BOISE, Idaho — It's no secret the population in Ada County is growing, but have you ever thought about how that impacts the Coroner's office?
Simply put, more people living in the valley means more people are dying in the valley, and now resources at the Ada County Coroner's Office are stretching thin.
"We are just continuing to get busier and busier," Ada County Coroner Dotti Owens said. "And it's not just Ada, it's the entire state. I've spoken with coroners around the state that would have three or four calls a week in a rural area and now they're at almost full-time."
Since 2011, Owens' office has seen its caseload increase by more than 75% from 325 bodies in 2011 to 575 in 2018. When a big part of your job is to safely store human bodies, it's a pretty big predicament when you simply run out of room.
"We need more cooler space; we're consistently full," Owens said. "If we had any kind of mass fatality incident here whatsoever we would really be struggling. We'd be scrambling."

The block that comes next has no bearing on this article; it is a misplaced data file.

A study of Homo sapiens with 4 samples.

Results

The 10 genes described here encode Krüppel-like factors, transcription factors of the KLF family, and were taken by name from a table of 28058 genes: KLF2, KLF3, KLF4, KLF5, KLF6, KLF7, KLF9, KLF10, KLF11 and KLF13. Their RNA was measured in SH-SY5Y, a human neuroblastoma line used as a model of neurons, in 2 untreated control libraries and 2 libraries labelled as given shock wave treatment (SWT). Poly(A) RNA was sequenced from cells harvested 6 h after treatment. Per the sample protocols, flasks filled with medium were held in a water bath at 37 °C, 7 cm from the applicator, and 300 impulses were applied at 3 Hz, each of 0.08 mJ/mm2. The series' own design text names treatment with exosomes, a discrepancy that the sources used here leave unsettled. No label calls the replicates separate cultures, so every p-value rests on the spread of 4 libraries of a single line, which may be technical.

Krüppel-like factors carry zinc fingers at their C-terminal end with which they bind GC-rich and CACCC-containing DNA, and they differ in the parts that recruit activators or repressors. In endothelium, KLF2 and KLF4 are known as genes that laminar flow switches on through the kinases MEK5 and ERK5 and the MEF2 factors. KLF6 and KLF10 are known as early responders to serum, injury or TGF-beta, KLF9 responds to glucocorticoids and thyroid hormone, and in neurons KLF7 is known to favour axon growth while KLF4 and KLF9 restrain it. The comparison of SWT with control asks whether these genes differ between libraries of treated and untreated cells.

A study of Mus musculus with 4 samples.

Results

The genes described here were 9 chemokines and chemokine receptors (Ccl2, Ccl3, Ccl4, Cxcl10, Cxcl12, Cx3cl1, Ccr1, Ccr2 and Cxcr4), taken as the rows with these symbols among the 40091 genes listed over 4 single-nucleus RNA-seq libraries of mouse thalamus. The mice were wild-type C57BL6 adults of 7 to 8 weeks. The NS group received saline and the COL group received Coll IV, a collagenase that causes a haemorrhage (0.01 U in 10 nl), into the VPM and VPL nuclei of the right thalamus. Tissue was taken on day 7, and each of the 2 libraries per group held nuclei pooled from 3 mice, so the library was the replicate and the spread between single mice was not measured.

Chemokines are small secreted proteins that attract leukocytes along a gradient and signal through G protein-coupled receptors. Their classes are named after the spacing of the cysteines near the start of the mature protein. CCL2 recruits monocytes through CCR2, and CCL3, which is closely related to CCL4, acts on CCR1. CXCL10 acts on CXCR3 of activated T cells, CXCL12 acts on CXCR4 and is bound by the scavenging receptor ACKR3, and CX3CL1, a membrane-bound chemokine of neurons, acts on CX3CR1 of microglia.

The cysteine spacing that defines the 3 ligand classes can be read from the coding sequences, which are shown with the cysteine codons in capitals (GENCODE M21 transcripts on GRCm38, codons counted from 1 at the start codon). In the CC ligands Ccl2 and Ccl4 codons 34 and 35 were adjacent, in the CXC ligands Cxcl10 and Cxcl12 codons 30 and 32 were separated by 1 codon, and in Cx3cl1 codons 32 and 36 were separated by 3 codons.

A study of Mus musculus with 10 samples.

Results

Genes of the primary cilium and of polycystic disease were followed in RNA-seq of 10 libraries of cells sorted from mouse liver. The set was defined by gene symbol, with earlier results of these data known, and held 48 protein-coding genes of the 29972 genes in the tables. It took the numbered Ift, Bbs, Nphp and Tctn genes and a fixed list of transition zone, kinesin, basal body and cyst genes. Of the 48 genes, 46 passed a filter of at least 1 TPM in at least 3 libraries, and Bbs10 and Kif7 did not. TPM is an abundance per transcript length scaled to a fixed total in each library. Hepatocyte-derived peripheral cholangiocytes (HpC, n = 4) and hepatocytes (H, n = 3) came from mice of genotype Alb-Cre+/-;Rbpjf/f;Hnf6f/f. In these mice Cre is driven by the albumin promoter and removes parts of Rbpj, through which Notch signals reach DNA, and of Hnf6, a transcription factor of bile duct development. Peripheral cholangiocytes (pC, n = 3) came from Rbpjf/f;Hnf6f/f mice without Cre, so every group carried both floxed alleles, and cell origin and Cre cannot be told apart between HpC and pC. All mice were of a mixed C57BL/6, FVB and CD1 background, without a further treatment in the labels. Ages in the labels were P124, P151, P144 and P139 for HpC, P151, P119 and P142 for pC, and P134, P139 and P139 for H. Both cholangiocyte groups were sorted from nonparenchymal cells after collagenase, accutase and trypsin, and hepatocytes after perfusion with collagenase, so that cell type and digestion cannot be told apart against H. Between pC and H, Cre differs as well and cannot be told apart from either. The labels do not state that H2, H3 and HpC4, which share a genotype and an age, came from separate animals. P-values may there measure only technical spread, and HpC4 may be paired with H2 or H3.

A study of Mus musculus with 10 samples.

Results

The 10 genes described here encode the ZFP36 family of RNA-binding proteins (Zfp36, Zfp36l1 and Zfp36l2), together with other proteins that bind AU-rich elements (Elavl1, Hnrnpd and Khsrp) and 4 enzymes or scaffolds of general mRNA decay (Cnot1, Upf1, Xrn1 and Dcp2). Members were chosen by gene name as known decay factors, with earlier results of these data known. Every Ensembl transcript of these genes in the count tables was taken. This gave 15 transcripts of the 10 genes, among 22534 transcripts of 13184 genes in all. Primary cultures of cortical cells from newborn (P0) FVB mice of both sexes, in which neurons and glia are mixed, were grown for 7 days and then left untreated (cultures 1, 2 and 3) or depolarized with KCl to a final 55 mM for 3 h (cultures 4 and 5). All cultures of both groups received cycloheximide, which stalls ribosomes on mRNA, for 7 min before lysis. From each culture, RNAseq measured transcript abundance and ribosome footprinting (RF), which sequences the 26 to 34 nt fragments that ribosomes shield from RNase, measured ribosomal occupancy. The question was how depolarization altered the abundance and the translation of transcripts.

"If we had any kind of mass fatality incident here whatsoever, we'd be scrambling" -- In tonight's #Stateof208 I sit down with @CoronerDotti to see how Ada County's population growth is impacting their day-to-day operations. FULL STORY: https://t.co/JPXhpeMPn1 pic.twitter.com/t9txUjzhW9— Karen Lehr (@KarenLehr) July 1, 2019
Right now, they can hold about 20 bodies at a time, but with an overwhelming increase in fatal overdoses and completed suicides, it's a sad reality: space fills up fast.
"Well, what happens is we've got a weekend build up," Owens explained. "So from that Friday afternoon to Monday morning we are completely packed."
On any given Monday, they're likely to have more than a dozen autopsies to perform, plus forensic work coming in from other counties.
With little choice, they'll be expanding their cooler over the next year--a $500,000 project --but Owens says there's just not enough room to grow at their current location.
"We are working with our county commissioners on our master's facility plan, planning for a new facility down the road," Owens said.
One of the driving factors is the desire to increase their staff, something they simply can't do in their current building.
"We are maxed out on space," Owens said. "Our office space is all being occupied. If I needed to hire a third full-time doctor right now, I couldn't do it."